Our Italian Vacation!
It was with great anticipation that w and I drove through the slushy streets last night for a dinner rendezvous at Alba Osteria on SW Capitol Highway. I hadn't been in over a year, and had been telling myself for months to get after it and pay another visit to owner/chef/Piedmontese fetishist Kurt Spack's homey outpost of Italian comfort food. For some reason in my mind it always seems like a trek to get there. But it really isn't, and from my place on N. Mississippi we were walking in their warmly welcoming doors in ten minutes. And I would almost drive ten hours to eat food this good! Kurt makes regular trips to the Piedmont to check out what's going on, do some cooking, and get fresh inspiration. It shows and this is perhaps the most authentic regional Italian food in town.
We were seated at a table in the cozy dining room by the kitchen. A tasty basket of bread was dropped along with the menus and a couple of glasses of fizzy prosecco, and we commenced drooling. I love places where I want to order every single thing on the appetizer list. But more prudent heads prevailed, and we settled on sweet peppers wrapped around delicious tuna salad and Jerusalem artichoke in a bagna cauda sauce. Both were delicious, the sweet piquancy of the peppers playing beautifully off the rich tuna, and the garlicky bagna cauda sauce was eagerly sopped up with bread when the artichoke gratin ran out. We were swooning. Here it is....
Next up was a primi course which we split. In this case a light, dreamy dish of tajarin with butter and sage sauce. All pasta are made in house, and Kurt has the lightest touch, his pastas a perfect balance of meltingly tender but with just enough bite.
Then it was on to entrees, and although no one in town knows sweetbreads like Kurt, and I've loved them in the past, I had to go with the Barolo braised beef, especially since I'd brought along a bottle of 1997 Brezza "Sarmassa" Barolo. w ordered the roast duck breast and confit leg, and it was stupendous.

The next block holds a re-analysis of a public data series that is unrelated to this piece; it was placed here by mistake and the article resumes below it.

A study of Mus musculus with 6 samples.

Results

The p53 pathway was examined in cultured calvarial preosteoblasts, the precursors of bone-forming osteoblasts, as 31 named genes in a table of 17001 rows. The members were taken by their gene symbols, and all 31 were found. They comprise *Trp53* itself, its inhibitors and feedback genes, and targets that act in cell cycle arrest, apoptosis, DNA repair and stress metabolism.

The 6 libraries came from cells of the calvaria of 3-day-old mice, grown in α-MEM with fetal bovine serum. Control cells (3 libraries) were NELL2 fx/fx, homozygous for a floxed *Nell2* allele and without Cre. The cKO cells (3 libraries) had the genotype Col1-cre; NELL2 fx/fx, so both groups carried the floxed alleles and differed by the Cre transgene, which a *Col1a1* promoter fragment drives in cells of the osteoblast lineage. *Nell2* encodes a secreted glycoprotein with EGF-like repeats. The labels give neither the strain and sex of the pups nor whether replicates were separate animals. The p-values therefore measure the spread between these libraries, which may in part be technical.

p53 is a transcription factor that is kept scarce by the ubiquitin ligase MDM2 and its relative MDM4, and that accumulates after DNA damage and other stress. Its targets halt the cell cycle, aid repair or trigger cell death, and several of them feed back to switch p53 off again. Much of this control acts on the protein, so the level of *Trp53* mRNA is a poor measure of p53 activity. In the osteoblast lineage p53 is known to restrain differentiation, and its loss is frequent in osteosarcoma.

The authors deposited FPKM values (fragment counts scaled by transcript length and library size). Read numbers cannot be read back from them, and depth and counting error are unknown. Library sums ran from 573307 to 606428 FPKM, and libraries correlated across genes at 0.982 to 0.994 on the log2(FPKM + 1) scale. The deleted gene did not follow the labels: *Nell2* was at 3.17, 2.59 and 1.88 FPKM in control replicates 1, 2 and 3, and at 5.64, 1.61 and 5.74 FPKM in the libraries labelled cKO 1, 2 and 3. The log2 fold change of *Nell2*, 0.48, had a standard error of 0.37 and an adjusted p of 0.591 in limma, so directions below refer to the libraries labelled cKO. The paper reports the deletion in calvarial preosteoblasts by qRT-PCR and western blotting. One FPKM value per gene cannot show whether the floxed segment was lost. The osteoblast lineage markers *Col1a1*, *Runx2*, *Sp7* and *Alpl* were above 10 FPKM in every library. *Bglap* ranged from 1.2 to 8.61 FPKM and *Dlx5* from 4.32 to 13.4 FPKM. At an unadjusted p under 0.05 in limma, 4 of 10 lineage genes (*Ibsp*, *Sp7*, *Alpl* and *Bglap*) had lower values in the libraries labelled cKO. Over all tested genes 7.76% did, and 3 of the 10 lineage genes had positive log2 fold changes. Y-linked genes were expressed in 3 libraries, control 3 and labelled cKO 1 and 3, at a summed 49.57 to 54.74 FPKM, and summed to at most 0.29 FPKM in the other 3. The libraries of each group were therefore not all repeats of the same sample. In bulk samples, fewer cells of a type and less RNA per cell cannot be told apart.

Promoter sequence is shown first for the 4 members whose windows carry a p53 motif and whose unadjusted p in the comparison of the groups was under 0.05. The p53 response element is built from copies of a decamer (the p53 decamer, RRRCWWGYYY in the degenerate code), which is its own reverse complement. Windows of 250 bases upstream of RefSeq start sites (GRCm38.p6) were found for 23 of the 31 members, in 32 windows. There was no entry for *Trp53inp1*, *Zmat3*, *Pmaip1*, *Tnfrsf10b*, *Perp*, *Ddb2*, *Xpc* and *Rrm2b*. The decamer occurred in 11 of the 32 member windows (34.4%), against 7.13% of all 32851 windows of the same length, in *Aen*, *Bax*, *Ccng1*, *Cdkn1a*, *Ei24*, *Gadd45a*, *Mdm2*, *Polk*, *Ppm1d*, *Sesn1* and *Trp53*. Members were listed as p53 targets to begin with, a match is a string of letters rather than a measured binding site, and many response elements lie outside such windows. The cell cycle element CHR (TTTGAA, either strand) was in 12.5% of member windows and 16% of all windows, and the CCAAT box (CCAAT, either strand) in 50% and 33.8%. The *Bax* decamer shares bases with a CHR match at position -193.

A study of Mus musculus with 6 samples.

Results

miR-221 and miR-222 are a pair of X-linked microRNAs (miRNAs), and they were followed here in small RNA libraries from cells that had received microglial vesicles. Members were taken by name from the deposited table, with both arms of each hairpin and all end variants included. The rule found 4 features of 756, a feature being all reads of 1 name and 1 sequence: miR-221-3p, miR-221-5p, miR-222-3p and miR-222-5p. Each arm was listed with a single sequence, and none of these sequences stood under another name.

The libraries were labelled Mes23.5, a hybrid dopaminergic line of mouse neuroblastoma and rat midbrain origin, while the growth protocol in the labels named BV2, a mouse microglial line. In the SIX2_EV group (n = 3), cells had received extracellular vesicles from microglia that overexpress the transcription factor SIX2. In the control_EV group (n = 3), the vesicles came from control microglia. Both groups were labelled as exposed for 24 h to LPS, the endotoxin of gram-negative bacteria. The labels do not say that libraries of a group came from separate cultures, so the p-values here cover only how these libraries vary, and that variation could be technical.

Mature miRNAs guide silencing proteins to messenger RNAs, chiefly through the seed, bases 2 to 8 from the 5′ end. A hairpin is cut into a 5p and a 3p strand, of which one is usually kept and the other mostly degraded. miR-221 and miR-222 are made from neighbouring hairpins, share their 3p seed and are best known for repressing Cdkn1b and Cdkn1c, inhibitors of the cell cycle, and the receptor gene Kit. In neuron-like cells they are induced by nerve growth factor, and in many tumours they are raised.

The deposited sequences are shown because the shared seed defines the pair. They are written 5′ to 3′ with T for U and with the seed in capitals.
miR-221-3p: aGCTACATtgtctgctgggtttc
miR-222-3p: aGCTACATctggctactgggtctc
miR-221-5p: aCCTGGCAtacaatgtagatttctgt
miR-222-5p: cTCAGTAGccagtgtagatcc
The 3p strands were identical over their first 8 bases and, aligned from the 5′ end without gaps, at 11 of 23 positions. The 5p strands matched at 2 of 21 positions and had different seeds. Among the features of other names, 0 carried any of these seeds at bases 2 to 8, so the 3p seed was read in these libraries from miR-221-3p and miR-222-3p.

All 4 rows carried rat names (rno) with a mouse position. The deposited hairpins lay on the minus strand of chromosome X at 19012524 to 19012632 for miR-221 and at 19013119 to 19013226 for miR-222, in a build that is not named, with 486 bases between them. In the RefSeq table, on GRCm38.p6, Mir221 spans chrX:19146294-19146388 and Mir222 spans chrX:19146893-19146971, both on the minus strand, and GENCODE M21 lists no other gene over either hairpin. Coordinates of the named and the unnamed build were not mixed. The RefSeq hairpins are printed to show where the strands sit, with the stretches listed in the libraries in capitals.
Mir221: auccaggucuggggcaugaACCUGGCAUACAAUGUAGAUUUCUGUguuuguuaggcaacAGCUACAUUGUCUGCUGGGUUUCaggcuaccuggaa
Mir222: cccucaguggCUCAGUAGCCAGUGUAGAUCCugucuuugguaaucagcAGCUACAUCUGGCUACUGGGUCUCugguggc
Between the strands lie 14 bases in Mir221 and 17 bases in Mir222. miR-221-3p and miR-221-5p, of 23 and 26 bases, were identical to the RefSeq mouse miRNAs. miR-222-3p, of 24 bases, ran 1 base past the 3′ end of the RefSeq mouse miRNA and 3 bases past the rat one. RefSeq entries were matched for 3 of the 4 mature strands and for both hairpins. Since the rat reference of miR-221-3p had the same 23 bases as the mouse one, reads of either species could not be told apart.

The confit was perfect..crispy outside, tender and very flavorful inside. The duck breast had crackly skin and that beautiful layer of fat surrounding the meat. My beef was fork tender, served over polenta, and dreding both through the Barolo sauce was an exercise in pure pleasure, especially washed down with sip after sip of the Brezza.
Just in case you have any of this nectar in your collection, the wine opened up beautifully....all earth notes, with dark cherry and tarry fruit with those wonderful rose petal overtones that great Barolo develops. We had the bottle open over the course of about 90 minutes, and it just kept getting better and better. So good, and so satisfying.
We were quite stuffed, as the portions of everything are very generous, kind of what your fantasy Italian grandmother might put in front of you. But we rallied and managed to happily tuck into a light hazelnut torte with house made chocolate gelato. After a quick chat with Kurt, who is one of the nicest people going in the local food biz, we drove home happy, full, and looking forward to a return trip. If you can't get to the Piedmont, this is the next best thing!
A side note: you know it's a compliment to the chef when other chefs show up to get their grub on, and seated close by was Greg Higgins, he of the eponymously named restaurant, who obviously was somewhat of a regular and was enjoying every bite of his dinner.